I’ll read a few more stories, and I’ll comment on those that I liked.
The Ghost of Christmas Replete by David Croser is about a man who has lost everything: his job and his family. He is considering suicide, so he climbs up to the top of the National Gallery. There he is visited by the ghost of Christmas replete, based on Dickens’ Christmas ghost, but in this case it is the personification of what Christmas has become, a fever of consumerism. The ghost makes him see that not everything is bad. He has lost his job, and after the divorce he can’t be with his children as much as he wants. Yet, the ghost reminds him of some pleasant moments that he spent with a girl he liked, Lucy. The end is when the ghost gives him Lucy’s number before he leaves. So I imagine Leon decides to keep on living and calls this woman, which might mean the key to his future happiness.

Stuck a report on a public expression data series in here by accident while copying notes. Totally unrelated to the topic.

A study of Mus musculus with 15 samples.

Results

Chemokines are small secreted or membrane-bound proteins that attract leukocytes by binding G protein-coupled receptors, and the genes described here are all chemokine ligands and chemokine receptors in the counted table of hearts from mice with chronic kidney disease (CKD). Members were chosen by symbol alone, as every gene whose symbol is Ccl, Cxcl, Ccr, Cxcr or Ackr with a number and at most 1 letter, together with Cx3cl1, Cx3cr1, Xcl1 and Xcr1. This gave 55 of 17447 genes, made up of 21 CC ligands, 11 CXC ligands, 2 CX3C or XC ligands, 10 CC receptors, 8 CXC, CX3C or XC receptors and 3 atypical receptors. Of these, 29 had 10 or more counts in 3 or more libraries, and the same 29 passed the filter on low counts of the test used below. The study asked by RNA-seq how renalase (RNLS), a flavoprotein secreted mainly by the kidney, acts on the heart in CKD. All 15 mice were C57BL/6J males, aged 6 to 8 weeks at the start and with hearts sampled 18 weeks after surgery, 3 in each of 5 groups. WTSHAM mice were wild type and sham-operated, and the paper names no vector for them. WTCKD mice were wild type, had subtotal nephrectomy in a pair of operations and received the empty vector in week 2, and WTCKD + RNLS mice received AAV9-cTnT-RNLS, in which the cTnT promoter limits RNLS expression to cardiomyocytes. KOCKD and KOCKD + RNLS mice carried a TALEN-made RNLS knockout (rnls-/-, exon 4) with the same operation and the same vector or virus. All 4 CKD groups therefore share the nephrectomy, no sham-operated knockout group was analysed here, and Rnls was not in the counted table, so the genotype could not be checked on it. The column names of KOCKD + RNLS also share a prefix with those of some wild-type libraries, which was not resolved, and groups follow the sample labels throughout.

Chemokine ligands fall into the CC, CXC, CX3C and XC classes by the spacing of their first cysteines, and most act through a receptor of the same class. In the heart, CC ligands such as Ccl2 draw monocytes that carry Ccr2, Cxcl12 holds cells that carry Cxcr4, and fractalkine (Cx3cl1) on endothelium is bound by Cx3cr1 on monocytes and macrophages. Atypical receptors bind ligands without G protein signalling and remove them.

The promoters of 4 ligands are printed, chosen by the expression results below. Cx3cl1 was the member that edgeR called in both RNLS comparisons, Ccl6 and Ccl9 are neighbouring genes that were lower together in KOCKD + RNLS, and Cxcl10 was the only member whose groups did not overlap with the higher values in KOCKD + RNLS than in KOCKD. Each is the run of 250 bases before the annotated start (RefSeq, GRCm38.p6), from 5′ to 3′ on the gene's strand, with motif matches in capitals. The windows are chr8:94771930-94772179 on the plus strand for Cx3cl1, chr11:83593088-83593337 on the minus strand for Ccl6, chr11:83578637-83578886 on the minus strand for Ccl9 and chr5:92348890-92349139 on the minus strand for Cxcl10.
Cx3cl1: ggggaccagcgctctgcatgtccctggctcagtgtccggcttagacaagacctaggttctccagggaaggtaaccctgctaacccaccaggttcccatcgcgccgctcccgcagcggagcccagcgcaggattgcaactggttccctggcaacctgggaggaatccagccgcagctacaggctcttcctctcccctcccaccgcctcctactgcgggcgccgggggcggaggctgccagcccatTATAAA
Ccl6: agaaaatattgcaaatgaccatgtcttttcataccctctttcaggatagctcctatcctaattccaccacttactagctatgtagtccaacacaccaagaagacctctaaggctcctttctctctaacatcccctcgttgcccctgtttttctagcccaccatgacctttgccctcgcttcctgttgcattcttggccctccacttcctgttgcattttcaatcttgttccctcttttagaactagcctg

A Country Christmas by AA Abbott introduces us to Ben and Ciara, father and daughter. Ben lost Ciara’s mother in a coach accident. This year at Christmas he is invited by his first wife Michaela to spend a few days with them. While Ben and Ciara are there, the girl starts talking about Emily, who Michaela thinks is her imaginary friend. Then Ciara shows the adults a room which was behind the shelves in the room where she is staying. There they see a bed on which there is a strange doll that Ben thinks is looking at him. This is clearly a ghost story even though it is never specified. When Ben and Ciara go home, that night he sees Ciara hugging the strange doll, and there is a hint that Ciara has brought Emily, the girl who she thinks lived in the hidden room with her.
Some of the stories in this book are more enjoyable than others, and some are not really Christmas stories, only that the action happens during the holidays.